AGROSTOLOGY, AGSC 454, Fall 2017
Lecture: Monday, 12:05 to 1:00 PM, Barnard Hall 126
Lab: Monday, 1:10 to 5:00PM, Barnard Hall 126
Instructor: Matt Lavin
Office hours: Monday, 9AM to 12N, 408 Lewis Hall, or by appointment (schedule via email)
Learning outcomes. Students will be able to 1) Sight identify over 150 of the most common grass and grass-like species (graminoids) in Montana. 2) Interpret diagnostic characteristics in the context of graminoid families, grass tribes and genera. 3) Relate plant morphology to botanical terminology so that taxonomic keys are readily approachable. 4) Combine sight-identification and taxonomic keys in order to expedite plant identification of grass species never-before encountered. 5) Distinguish grass genera or tribes by their common ecological predilections.
Prerequisites: a background in general botany including some plant anatomy, morphology, physiology, and basic plant identification (or a high degree of interest in grasses).
28 August lecture and lab: introduction to the class
4 September lecture and lab: Labor Day, no classes
11 September lecture and lab: introduction to the grass spikelet and other basic morphology and terminology; the cool-warm season distinction; introduction to the grass species that commonly colonize open dry settings in town.
18 September lecture and lab: introduction continued but with a focus on graminoids that inhabit riparian corridors and wetlands in town.
25 September lecture and lab*: tribe Triticeae.
2 October lecture and lab*: tribes Aveneae and Stipeae.
9 October lecture and lab*: tribe Poeae.
16 October lecture and lab*: tribe Meliceae and review of the five principal cool-season grass tribes.
23 October lecture & lab: Exam 1
30 October lecture and lab: introduction to warm season grasses - tribes Andropogoneae and Paniceae.
6 November lecture and lab*: tribe Chlorideae.
13 November lecture and lab*: tribes Aeluropodeae and Eragrosteae.
20 November lecture and lab*: tribes Aristideae, Arundineae, Danthonieae, Bambuseae, and Oryzeae.
27 November lecture and lab*: grass-like plant families in Montana: Cyperaceae, Juncaceae, Typhaceae.
4 December lecture and lab: 12 N - 5 PM: Exam 2 (Barnard Hall 126)
14 December: 8 AM - 12 N: Exam 2 (Lewis Hall 307)
*Lab with a quiz. Each of the nine lab quizzes will involve the identification of 10-15 grass specimens from the previous week’s lab.
Grades come from two exam scores each worth 1/3 of your final score and 8 lab quizzes that are collectively worth 1/3 of your final score. The exams and quizzes will comprise short answer questions (e.g., name the tribe, genus, and species). The two exams will each involve the identification of 75 specimens. The efficient use of taxonomic keys depends on an ability to sight identify the family, tribe, genus, and species. Success in this class will be achieved by spending time in the lab and elsewhere studying as many graminoid species and specimens as possible and working them through taxonomic keys in a reverse and forward fashion and using a hand lens to study diagnostic traits.
Required Lab materials: Manual of Montana Vascular Plants, by Peter Lesica. The Montana Grasses app (updated version released 30 August 2017). A 10x hand lens. These tree items, including any notes you write directly on the pages of Lesica, can be used during all exams and quizzes.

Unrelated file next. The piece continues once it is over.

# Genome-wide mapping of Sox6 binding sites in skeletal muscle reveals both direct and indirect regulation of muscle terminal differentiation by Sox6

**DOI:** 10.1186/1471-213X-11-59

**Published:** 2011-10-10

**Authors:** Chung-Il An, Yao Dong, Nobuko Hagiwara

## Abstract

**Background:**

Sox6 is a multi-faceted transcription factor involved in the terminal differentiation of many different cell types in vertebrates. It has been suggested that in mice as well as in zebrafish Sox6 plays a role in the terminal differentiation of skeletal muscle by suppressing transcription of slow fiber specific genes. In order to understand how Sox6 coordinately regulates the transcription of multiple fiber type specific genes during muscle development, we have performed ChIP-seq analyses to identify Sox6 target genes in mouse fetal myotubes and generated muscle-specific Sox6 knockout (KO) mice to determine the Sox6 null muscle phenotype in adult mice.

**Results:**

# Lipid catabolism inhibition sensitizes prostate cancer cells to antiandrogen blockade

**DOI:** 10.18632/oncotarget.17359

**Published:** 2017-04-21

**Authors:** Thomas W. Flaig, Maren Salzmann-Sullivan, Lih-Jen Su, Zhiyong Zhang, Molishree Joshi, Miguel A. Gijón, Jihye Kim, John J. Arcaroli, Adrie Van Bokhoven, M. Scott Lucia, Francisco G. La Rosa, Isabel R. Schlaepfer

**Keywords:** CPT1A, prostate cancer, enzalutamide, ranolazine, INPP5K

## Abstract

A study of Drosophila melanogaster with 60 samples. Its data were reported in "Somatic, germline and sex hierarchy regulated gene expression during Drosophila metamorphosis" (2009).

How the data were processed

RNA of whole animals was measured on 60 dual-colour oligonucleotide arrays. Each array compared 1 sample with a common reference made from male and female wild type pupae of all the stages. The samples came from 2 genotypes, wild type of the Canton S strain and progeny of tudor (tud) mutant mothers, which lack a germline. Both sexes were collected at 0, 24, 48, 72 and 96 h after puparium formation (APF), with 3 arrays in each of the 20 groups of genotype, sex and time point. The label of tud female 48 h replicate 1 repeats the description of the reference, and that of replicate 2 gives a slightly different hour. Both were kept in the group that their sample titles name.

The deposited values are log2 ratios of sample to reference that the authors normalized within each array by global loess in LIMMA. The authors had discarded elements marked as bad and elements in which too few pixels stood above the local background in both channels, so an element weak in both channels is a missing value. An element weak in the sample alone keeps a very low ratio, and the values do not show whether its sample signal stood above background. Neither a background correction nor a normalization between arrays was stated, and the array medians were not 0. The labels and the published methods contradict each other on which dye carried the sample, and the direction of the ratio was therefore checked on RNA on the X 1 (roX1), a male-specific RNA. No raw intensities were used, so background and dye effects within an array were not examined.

Recommended lab items for indoor lab sessions:
- A Montana graminoid photo collection on Flickr (viewed on a laptop or mobile phone)
- Cutting instrument (e.g., knife, scalpel, razor-blade), dissecting needle, or fine-pointed forceps
- 15 cm ruler
- 120+ sheets of 8-1/2" X 11 "Botany" paper for mounting lab specimens with scotch tape or Elmer’s Glue
Agrostology lab. Specimens of grass and grass-like species will be provided at a rate of 10 or more specimens per week. Important morphological and ecological features of the families, tribes, genera, and species will be emphasized. We will mostly key out many of the species during lecture and lab so plan to bring the Manual of Montana Vascular Plants to each lab. We will key out species in "reverse" fashion. You have the option of preparing study specimens on botany paper by taping or gluing your lab samples to sheets of paper and making notes with each specimen (attach more than one species on one piece of botany paper in order to economize on the size of your sample collection). You can finish this Agrostology course with a set of 120+ of the most common graminoid species, which can serve as a future reference collection for identification. Your collection will not be graded and you can arrange it in any manner you see fit. Ideally, you should mount multiple specimens per sheet of paper so that the size of your graminoid collection is minimal and therefore more useful. Putting related species on the same page accomplishes this and facilitates the comparison species-specific and genus-specific diagnostic traits. An exemplary reference specimen of Bromus japonicus was prepared by Dr. Jack Rumely (aka Herb Arium).
- High Country Apps has developed plant identification apps for different regions of western North America, including Montana Grasses and Flora of the Yellowstone Region.
- Flickr and Google searches typically result in accurately identified sets of images.
- USDA/NRCS Plants Database - best accessed as one of the first sites returned during a Google search of the scientific name of a plant species.
- The Consortium of Pacific Northwest Herbaria is an image data base that includes the images of all Montana plant specimens housed at the Montana State University Herbarium and many other herbaria in the Pacific Northwest. A great tool for identifying plants and generating data files for species occurrences in the Pacific Northwest, which includes all of Montana.